1. Introduce the vocabulary.
Introduce the vocabulary term watershed. Ask students what they think the term means. Display for students the satellite image of the Chesapeake Bay watershed. Then explain that a watershed is the land area from which surface runoff drains into a stream, channel, lake, reservoir, or other body of water. Tell students that people are either directly or indirectly connected to bodies of water, which connect to land.
2. Distribute the worksheet.
Distribute copies of the worksheet Components of a Watershed to each student. Have students label the watershed components using the words along the bottom of the diagram. (Answers: 1. River Source, 2. Upstream, 3. Downstream, 4. Main River, 5. Tributaries, 6. Floodplain, 7. Watershed Boundary, 8. Meanders, 9. Wetlands, 10. River Mouth)
3. Have students identify examples of pollution.
Tell students that people use water for agriculture, industry, manufacturing, power, transportation, and recreation. Explain the meaning of terms point source pollution and nonpoint source pollution. Show students the photo gallery and ask students to identify examples of each. Point sources include facilities such as sewage treatment plants and factory discharges; Nonpoint source pollution includes excess fertilizers from lawns and farms, oil from roads, overflows from city sewers, and animal waste.
4. Have students make a 3-D model of a watershed.
Divide students into small groups. Have each group begin by molding clay to represent mountains in a plastic or metal tray. Next, ask students to form the watershed by gradually leveling the clay so that it leads to the mouth of their river. Then, have them form river channels and coat with blue enamel paint and color the land with tempera paint. Finally, have students place construction paper figures on the model to simulate users of a river system, using the diagram in the worksheet as a guide. Let the model dry overnight.
5. Simulate the flow of water in a watershed.
The next day, have a volunteer from each group pour a slow, steady stream of water from the top of the mountain area. Have students watch how the "river" runs from its source to its mouth and orally describe it.
6. Have students apply their understanding to their own watershed.
Use the models to discuss your community's watershed. Ask:
- Where are its boundaries?
- What are the main sources of pollution in our watershed?
- Who is impacted?
- How can we ensure the watershed is a clean resource for the community?
Subjects & Disciplines
- Biological and life sciences
- define the terms
- create a 3-dimensional model of a watershed
- apply what they learned to their own community’s watershed
- Hands-on learning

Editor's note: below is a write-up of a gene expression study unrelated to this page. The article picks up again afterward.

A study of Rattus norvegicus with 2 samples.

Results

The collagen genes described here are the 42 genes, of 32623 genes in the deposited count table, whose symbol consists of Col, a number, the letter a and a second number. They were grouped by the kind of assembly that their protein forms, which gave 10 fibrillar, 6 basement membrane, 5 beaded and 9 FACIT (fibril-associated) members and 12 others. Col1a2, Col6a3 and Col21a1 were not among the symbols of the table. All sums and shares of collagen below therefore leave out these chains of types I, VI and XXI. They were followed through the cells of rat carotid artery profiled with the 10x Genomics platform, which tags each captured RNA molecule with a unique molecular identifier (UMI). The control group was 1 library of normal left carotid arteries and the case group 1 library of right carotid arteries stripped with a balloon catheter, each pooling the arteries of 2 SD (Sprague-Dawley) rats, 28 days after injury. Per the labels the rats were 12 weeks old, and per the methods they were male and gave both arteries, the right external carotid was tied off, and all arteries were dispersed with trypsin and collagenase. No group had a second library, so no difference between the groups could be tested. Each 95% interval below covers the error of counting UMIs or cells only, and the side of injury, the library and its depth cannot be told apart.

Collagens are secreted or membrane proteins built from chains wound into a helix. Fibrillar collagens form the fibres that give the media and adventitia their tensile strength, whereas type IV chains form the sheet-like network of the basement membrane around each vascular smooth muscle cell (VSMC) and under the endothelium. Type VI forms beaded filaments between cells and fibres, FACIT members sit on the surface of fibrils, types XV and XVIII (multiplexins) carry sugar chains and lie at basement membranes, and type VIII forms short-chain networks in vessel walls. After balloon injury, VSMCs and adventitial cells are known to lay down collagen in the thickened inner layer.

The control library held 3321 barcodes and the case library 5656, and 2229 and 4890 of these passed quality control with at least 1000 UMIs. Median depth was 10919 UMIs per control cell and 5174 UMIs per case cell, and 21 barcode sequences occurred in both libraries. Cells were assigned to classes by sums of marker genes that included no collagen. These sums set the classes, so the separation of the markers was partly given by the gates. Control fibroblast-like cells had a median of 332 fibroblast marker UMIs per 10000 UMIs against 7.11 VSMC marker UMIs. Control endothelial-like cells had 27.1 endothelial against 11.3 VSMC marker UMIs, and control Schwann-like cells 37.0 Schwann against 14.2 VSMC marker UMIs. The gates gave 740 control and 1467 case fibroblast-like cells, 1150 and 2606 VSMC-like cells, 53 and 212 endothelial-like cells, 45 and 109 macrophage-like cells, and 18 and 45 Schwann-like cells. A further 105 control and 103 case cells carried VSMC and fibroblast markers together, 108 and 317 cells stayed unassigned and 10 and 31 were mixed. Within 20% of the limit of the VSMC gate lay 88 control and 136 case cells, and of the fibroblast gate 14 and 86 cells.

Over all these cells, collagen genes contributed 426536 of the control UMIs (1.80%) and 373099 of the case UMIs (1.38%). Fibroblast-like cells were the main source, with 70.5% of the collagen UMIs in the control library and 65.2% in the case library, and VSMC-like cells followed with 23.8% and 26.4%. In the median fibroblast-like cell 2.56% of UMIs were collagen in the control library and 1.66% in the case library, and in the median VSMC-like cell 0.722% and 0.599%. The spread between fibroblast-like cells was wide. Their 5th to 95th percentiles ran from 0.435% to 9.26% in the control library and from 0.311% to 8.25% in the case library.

National Standards, Principles, and Practices
National Geography Standards
- • Standard 1:
- How to use maps and other geographic representations, geospatial technologies, and spatial thinking to understand and communicate information
- • Standard 14:
- How human actions modify the physical environment
National Science Education Standards
- • (5-8) Standard F-2:
- Populations, resources, and environments
What You’ll Need
Materials You Provide
- Blue enamel paint
- Construction paper
- Modeling clay
- Plastic or metal trays
- Tempera paint
The resources are also available at the top of the page.
Background & Vocabulary
People in a watershed are either directly or indirectly connected to bodies of water that connect to land.
Recommended Prior Activities
|Term||Part of Speech||Definition||Encyclopedic Entry|
nonpoint source pollution
toxic chemicals that enter a body of water from many sources.
point source pollution
pollution from a single, identifiable source.
entire river system or an area drained by a river and its tributaries.
|Encyclopedic Entry: watershed|
For Further Exploration
The audio, illustrations, photos, and videos are credited beneath the media asset, except for promotional images, which generally link to another page that contains the media credit. The Rights Holder for media is the person or group credited.
Fred H. Walk
Christina Riska, National Geographic Society
Emmy Scammahorn, National Geographic Society
Alice Manning, National Geographic Society
Kim Hulse, National Geographic Society
Special thanks to Jeff Dow and Rita Bunzel
adapted from National Geographic “Strange Days on Planet Earth Educator Activity Guide”
For information on user permissions, please read our Terms of Service.
If you have questions about licensing content on this page, please contact firstname.lastname@example.org for more information and to obtain a license.
If you have questions about how to cite anything on our website in your project or classroom presentation, please visit our FAQ page.
Some media assets (videos, photos, audio recordings and PDFs) can be downloaded and used outside the National Geographic website according to the Terms of Service. If a media asset is downloadable, a download button appears in the lower right hand corner () of the media viewer. If no button appears, you cannot download or save the media.
Text on this page is printable and can be used according to our Terms of Service.
Any interactives on this page can only be played while you are visiting our website. You cannot download interactives.